Goldilocks and the Beginning, Middle, and End
- Introduce students to the idea of narrative by defining it as a record of interconnected events, or a story.
- Ask your students to pay attention to what happens in the beginning, middle, and end of the story that they are about to hear since they will have to retell it later.
- Use familiar read-alouds to further define a narrative.
- Have students turn and talk to a partner in their home language (L1) or English to define narrative in their own words.
- Define the terms "beginning," "middle," and "end" with the class.
- Have students turn and talk to share the beginning, middle, and ending of one of the familiar read-alouds in your classroom.
Explicit Instruction/Teacher modeling(10 minutes)
- Either read a copy of the traditional story of Goldilocks and the Three Bears dramatically or watch the interactive story by Education.com.
- Go back over the story when you are finished, pointing out the beginning, middle, and end of the narrative.
- Provide students with their own copy of the read-aloud.
- Read or watch the story in students home language (L1) if possible.
- Prompt students to identify the beginning, middle, and end of the story by reviewing what happened in the story after you finish reading.
- Have students turn and talk to share one important thing that happened in the beginning, middle, and end. Then share aloud as a group.
Guided Practice(20 minutes)
- Provide props to small groups of students to act out the story.
- Remind students of the rules for small group discussions by creating a poster titled "Group Work."
- Work together
- Take turns
- Use quiet voices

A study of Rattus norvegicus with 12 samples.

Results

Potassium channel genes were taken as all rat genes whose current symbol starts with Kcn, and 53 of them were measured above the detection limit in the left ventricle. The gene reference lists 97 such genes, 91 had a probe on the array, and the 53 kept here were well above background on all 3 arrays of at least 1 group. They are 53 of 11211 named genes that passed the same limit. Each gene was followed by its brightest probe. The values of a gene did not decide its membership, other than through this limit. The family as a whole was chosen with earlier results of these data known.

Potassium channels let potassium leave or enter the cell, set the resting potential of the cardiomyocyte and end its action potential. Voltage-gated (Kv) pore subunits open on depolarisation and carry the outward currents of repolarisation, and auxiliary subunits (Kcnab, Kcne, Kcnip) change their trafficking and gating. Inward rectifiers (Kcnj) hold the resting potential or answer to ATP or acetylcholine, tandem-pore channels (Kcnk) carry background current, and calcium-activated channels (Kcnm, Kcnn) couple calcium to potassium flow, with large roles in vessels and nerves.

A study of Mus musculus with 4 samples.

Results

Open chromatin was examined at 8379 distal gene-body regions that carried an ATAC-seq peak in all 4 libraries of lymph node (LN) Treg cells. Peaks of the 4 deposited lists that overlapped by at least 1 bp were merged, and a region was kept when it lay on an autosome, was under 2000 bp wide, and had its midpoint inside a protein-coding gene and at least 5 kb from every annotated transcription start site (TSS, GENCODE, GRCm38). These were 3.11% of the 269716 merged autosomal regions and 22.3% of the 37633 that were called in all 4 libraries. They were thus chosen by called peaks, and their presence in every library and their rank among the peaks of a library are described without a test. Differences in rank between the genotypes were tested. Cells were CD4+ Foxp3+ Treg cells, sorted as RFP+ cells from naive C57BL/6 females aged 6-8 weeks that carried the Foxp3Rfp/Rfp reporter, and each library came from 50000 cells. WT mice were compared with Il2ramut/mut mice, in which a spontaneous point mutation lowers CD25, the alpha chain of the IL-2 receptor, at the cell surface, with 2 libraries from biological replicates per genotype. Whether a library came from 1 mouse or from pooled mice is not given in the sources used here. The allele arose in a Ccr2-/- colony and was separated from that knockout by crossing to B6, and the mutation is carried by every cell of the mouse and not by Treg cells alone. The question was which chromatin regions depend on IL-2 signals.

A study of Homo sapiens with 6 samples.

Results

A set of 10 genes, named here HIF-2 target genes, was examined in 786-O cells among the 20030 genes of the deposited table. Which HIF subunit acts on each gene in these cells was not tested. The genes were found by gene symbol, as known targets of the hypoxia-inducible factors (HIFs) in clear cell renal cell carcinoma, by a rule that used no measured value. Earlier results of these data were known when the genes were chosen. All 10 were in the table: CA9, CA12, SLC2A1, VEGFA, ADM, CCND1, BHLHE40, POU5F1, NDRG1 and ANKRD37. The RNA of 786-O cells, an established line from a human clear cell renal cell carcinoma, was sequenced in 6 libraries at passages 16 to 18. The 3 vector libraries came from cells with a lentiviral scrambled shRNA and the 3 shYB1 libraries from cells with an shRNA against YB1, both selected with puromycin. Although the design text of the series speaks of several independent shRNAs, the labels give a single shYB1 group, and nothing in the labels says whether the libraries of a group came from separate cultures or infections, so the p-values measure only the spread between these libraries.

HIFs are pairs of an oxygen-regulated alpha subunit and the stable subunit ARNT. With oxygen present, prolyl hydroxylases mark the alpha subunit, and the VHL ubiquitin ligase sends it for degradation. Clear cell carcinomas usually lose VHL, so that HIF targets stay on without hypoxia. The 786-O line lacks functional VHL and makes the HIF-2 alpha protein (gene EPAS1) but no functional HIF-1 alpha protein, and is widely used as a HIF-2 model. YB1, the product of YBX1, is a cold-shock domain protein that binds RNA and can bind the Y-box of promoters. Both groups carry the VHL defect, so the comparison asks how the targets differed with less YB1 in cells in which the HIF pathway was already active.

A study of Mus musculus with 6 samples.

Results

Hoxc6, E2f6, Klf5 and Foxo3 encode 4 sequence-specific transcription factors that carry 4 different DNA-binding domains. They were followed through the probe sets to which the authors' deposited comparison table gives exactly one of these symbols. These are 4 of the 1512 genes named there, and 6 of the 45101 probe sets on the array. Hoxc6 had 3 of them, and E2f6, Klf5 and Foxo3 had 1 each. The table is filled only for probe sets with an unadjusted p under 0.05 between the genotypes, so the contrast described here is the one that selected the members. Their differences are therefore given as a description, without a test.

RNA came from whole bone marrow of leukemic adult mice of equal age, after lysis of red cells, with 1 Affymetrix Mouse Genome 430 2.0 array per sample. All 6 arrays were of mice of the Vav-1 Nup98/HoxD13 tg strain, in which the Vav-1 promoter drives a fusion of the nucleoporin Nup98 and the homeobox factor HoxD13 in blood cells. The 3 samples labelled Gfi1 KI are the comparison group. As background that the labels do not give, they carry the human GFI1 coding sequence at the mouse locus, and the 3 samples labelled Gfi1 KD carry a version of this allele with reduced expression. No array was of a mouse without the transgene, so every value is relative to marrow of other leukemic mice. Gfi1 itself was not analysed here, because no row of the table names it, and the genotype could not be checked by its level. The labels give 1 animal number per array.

- Students should continue their conversation through multiple exchanges as they work together to retell the story. They can take turns sharing details one at a time.
- Model how to act out a part of the story using prompts and narration.
- Group students together who speak the same home language (L1), or group beginning ELs with supportive peers with more developed English-language skills.
- Group the class into three sections and have each section practice acting out the beginning, middle, or end.
- Encourage some students to narrate while others act. Have students trade roles.
Independent working time(10 minutes)
- Give students drawing paper and crayons or colored pencils.
- Split the class into three groups. These groups will be assigned to draw the beginning, middle, or end of the story.
- Remind students to follow the Group Work rules as they create their posters.
- Prewrite beginning/middle/end on the board for students to utilize as they work.
- Invite students to verbally retell the beginning, middle, and end to you or another student in their home language (L1).
- Hand out individual copies of the book for support.
- Have students trade their finished work with a partner and practice verbally explaining the beginning, middle, or end that they drew or wrote about.
- Students can work with a partner and collaborate on a picture.
- Students can label their picture or write a sentence describing their picture.
You may want to take digital pictures of their creations and put together a slide show which can be displayed on an interactive whiteboard. Label their creations with the terms "beginning," "middle," and "end."
- Observe students to see if they struggle to remember what happened in the story.
- Assess their picture to see if they drew the correct portion of the story.
- Monitor student conversations to make sure they help each other retell the story, take turns retelling, and continue the conversation.
- When students verbally share the beginning, middle, or end of the story, take note if they are able to retell easily or need support.
- Collect student work samples to assess if they were able to capture the appropriate part of the story sequence.
- As students turn and talk to a partner, check if they are able to accurately verbalize the story sequence.
Review and closing(10 minutes)
- Have the students display their drawings.
- Ask everyone with a beginning picture to stand up, followed by the middle pictures, and finally the end pictures.
- Have students walk around the classroom and look at each other's pictures.
- When pictures are displayed, invite students to turn and talk to a partner to share what they see in the picture, using the sentence frame, "I see____ in the beginning/middle/end."
- Invite students to share aloud what they notice in their peers' work, using the sentence starter, "I notice ____."